Charles Lamb began his literary career writing poetry and continued to write verse his entire life. He tried his hand at other genres, however, and is remembered primarily for his familiar essays. These essays, originally published in the London Magazine, were collected in Essays of Elia (1823) with another collection appearing ten years later, Last Essays of Elia (1833). In addition to his poetry and essays, Lamb wrote fiction, drama, children’s literature, and criticism. He wrote one novel, A Tale of Rosamund Gray and Old Blind Margaret (1798). In 1802, he published his first play, John Woodvil: A Tragedy, which was followed shortly by another attempt at drama: Mr. H.: Or, Beware a Bad Name, a Farce in Two Acts (pb. 1806). In addition to several prologues and epilogues, he published two other dramas: The Pawnbroker’s Daughter: A Farce (pb. 1825) and The Wife’s Trial (pb. 1827). In addition, he wrote (largely in collaboration with his sister Mary) several children’s books: The King and Queen of Hearts (1805), Tales from Shakespeare (1807), Adventures of Ulysses (1808), Mrs. Leicester’s School (1809), and Prince Dorus (1811). Lamb’s criticism appeared in various periodicals but was never systematically collected and published during his lifetime. He did publish copious critical notes to accompany his voluminous extracts from Elizabethan plays, Specimens of English Dramatic Poets, Who Lived About the Time of Shakespeare, with Notes (1808).
Charles Lamb Analysis
Much of Charles Lamb’s literary career was spent in search of an appropriate genre for his particular genius. He wrote poetry, drama, fiction, and criticism, but of these he truly distinguished himself only in criticism. When he happened upon the persona of Elia and the familiar essay, however, these early efforts contributed to his success. As if he had been in training for years preparing to create the Essays of Elia, Lamb applied what he had learned from each of the earlier literary forms in which he had worked. Incorporating his knowledge of the importance of rhythm, dramatic context, characterization, dialogue, tone, and point of view, he placed it into the Essays of Elia collections and created masterpieces.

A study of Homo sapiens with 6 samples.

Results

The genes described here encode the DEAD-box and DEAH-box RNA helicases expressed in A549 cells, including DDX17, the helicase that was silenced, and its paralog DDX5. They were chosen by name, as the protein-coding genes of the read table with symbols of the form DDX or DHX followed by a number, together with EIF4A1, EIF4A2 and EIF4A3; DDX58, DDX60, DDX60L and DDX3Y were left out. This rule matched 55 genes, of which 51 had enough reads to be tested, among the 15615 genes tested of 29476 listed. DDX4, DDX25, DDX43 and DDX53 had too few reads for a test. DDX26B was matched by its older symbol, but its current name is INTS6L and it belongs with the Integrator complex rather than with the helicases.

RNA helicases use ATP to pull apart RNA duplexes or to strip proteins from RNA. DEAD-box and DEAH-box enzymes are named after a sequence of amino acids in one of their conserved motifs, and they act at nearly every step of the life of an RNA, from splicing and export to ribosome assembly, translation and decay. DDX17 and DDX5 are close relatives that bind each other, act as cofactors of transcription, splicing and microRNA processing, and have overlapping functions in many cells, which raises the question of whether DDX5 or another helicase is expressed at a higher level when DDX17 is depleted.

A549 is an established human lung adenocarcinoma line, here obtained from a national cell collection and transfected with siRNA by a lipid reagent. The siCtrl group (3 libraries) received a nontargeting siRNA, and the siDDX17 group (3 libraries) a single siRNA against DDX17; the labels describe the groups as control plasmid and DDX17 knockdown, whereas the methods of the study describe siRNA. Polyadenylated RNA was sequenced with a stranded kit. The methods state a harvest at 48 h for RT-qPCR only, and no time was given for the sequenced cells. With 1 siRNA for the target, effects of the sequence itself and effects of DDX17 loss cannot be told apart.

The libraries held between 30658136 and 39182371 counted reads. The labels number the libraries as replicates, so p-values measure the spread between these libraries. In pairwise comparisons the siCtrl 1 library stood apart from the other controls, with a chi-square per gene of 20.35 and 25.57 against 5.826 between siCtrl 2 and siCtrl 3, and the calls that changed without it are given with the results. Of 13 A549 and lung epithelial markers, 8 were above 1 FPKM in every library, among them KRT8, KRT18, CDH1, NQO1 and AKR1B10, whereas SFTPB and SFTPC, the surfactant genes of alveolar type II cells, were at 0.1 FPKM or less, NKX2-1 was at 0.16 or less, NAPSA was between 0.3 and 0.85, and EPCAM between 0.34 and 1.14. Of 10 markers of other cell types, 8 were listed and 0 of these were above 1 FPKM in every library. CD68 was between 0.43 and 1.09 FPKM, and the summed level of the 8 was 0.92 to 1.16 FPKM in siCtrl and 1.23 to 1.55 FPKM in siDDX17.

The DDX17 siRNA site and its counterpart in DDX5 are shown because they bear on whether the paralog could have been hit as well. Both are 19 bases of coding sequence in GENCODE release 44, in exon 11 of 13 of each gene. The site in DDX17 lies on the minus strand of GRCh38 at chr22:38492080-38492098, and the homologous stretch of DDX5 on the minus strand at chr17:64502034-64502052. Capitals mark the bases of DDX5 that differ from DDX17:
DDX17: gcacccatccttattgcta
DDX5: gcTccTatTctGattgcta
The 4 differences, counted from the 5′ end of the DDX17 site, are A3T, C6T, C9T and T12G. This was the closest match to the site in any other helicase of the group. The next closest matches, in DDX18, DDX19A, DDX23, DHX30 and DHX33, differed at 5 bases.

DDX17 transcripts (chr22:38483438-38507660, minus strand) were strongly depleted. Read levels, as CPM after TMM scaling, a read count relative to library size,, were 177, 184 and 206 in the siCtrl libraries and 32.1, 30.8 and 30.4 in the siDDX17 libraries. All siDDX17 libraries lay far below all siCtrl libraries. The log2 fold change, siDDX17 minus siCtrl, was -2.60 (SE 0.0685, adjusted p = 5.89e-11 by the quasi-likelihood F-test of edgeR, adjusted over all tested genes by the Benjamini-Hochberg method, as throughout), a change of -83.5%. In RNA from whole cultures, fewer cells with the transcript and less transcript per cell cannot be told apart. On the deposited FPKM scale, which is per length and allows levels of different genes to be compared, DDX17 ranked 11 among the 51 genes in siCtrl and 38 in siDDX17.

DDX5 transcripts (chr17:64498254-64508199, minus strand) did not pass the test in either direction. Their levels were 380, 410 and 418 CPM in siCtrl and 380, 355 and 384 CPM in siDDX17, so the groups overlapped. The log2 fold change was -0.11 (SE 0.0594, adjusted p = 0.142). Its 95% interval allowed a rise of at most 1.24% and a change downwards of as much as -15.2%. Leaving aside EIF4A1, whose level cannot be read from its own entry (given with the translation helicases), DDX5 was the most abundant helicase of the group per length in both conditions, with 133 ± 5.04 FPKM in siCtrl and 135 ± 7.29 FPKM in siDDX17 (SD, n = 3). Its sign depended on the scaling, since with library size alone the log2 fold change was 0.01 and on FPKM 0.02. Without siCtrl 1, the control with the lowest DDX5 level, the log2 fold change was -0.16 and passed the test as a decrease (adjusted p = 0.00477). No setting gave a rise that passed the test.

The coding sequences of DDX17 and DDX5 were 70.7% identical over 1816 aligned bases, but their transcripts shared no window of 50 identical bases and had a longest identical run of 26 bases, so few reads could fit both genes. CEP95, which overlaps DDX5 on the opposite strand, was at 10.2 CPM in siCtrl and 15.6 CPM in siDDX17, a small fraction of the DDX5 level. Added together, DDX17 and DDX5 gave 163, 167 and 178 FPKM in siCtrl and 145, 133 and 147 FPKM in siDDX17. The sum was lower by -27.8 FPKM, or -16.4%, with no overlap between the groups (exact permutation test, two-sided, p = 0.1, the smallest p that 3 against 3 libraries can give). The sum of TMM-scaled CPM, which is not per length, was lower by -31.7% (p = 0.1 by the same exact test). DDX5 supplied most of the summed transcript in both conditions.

Today’s literary critics value the essays of Lamb because they embody and reflect in prose the Romantic predisposition found in the great poetry of the day. These familiar essays have a biographical impulse, organic form, symbolic representation, syntactic flexibility, and occasional subject matter. The popularity of Lamb’s essays, however, does not depend on their historical or theoretical relevance. The Essays of Elia collections were as celebrated in Lamb’s day as they are in modern times and for the same reason: The character of Elia that Lamb creates is one of the most endearing personae in English literature. Elia’s whimsical reminiscences may border on the trivial, but that is insignificant, because...
(The entire section is 488 words.)
Barnett, George Leonard. Charles Lamb. Boston: Twayne, 1976. This volume is an excellent introduction to Lamb. Barnett supplies a biography interwoven with an analysis of Lamb’s major works. Supplemented by a chronology of Lamb’s life and work, an index, and a bibliography. Suitable for all students.
Cornwall, Barry. Charles Lamb: A Memoir. Boston: Roberts Brothers, 1866. Serious students of Lamb will find this old book essential, as it was written only thirty-two years after Lamb’s death, by a contemporary who knew him well. Lamb was astonishingly well loved, and his work held in high esteem by his contemporaries. It is interesting to see that the reputation of his work remains good today.
Hine, Reginald Leslie. Charles Lamb and His Herfordshire. London: J. M. Dent & Sons, 1949. Lamb was born in London, in town, but his heart was in his adopted home in the country, in Herfordshire. This book sheds valuable light on Lamb’s personality, which was shaped by his attachment to country life. Contains paintings and drawings of Lamb and Herfordshire, bibliography, and index.
Howe, Will David. Charles Lamb and His Friends. Indianapolis: Bobbs-Merrill, 1944. Lamb was a lovable man and had many friends who wrote about him. Howe has stitched together many of these reminiscences and allowed the modern reader to see how Lamb’s friends viewed him, and how he saw himself. Contains an index and a bibliography.
Lucas, Edward V. The Life of Charles Lamb. 5th ed. 2 vols. London: Methuen, 1921. This book remains the standard biography on Lamb. It is built on information gathered from Lamb’s writings. Lucas provides a great many facts about Lamb’s life but little critical analysis of his work. Valuable for all students.
Riehl, Joseph E. That Dangerous Figure: Charles Lamb and the Critics. Columbia, S.C.: Camden House, 1998. An examination of criticism by Lamb’s contemporaries of his works, with extensive bibliographic references.